20 years on from their Live Aid (1985) triumph, Bob Geldof and Midge Ure recruit the world's music superstars once again to perform live and put pressure on Western governments to help Africa and Make Poverty History.
Michael Palin owns what must be the most-used passport in Britain. Now it has been taken out of the drawer once again for the making of his new one-off documentary, Around the World in 20 ... See full summary »
This show features Live Aid, the biggest benefit concert in history. Taking place simultaneously in two seperate stadiums in the USA and the UK, many of the top contemporary rock music acts play many of their most popular songs to raise money for famine relief in Ethiopia. In addition, short films illustrating the crisis in Africa are run with the appeal for aid.Written by
Kenneth Chisholm <firstname.lastname@example.org>
One artist that did appear onstage during the London finale but went relatively unnoticed was Yussef Islam, a.k.a. Cat Stevens. He had even written a song for the show, but due to time constraints didn't perform it. See more »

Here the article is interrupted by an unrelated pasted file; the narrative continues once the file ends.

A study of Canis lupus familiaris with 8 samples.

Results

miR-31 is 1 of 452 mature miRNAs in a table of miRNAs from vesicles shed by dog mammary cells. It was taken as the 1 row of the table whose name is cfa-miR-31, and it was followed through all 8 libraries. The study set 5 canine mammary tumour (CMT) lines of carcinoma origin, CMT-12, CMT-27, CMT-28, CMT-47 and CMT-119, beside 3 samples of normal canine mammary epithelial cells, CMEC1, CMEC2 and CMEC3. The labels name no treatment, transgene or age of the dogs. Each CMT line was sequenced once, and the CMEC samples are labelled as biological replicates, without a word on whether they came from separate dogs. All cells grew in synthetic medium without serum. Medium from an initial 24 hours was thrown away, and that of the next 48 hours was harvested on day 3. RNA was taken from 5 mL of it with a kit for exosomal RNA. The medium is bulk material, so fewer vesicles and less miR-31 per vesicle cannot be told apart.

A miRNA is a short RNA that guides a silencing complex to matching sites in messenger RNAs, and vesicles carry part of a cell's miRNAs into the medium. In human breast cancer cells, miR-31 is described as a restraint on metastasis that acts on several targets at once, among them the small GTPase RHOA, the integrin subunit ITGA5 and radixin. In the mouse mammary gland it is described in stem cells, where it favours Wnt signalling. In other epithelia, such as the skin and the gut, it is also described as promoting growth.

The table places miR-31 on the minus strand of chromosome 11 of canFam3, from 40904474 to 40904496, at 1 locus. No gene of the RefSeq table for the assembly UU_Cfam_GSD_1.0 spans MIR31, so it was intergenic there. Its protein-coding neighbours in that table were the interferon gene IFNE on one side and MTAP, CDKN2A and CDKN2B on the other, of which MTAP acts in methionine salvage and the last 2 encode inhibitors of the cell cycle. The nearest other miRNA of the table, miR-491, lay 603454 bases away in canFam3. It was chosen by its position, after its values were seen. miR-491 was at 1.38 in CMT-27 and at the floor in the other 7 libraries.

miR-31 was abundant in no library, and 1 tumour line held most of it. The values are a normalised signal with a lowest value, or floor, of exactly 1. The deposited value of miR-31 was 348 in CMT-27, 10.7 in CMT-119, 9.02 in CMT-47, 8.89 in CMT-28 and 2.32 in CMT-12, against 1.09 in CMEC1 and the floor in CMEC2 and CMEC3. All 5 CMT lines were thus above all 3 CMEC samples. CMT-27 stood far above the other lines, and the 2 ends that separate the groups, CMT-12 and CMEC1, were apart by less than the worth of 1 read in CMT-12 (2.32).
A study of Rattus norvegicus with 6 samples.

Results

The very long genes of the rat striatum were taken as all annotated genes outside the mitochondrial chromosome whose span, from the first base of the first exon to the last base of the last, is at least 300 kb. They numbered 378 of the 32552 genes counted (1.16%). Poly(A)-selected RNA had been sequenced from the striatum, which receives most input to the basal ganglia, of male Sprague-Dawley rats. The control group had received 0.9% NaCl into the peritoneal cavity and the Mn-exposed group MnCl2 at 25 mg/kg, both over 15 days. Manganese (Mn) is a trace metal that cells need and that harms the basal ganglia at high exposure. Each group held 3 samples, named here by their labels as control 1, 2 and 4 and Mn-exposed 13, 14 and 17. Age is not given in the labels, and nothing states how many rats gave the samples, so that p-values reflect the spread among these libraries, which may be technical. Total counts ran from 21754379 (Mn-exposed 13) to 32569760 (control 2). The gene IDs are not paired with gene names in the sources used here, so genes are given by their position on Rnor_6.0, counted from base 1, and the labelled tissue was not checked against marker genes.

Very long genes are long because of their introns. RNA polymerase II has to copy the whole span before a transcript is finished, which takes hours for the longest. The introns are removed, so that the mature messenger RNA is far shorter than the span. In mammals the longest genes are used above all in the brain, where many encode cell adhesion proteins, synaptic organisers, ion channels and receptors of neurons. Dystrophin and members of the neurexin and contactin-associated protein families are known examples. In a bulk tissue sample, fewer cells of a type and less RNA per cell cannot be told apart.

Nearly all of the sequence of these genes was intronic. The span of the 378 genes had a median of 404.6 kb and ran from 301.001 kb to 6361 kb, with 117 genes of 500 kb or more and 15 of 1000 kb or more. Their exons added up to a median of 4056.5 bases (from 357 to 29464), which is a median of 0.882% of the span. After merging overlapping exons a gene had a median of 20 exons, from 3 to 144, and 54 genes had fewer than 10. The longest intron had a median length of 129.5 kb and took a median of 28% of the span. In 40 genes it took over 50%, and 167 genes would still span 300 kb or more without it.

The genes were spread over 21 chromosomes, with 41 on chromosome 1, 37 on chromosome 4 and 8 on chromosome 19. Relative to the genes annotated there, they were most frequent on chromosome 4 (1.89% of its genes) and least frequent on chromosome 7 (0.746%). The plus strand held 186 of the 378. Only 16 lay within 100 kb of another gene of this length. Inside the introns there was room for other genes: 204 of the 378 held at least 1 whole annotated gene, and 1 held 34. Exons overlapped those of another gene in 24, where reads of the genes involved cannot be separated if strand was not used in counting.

It's 12 noon in London, 7am in Philadelphia, and around the world it's time for Live Aid. Wembley welcomes their Royal Highnesses, the Prince and Princess of Wales.
This was probably the greatest gathering of rock talent since the halcyon days of pop festivals in the 1960's. Just imagine a bill featuring everyone from Run D.M.C. to Led Zeppelin. This was perhaps the greatest show in the history of popular music and all the musicians played pretty much for free and made it one of the most memorable events not only in music history, but in the history of the world. Too bad that spirit didn't carry over into the 90's. Maybe the world would be a better place.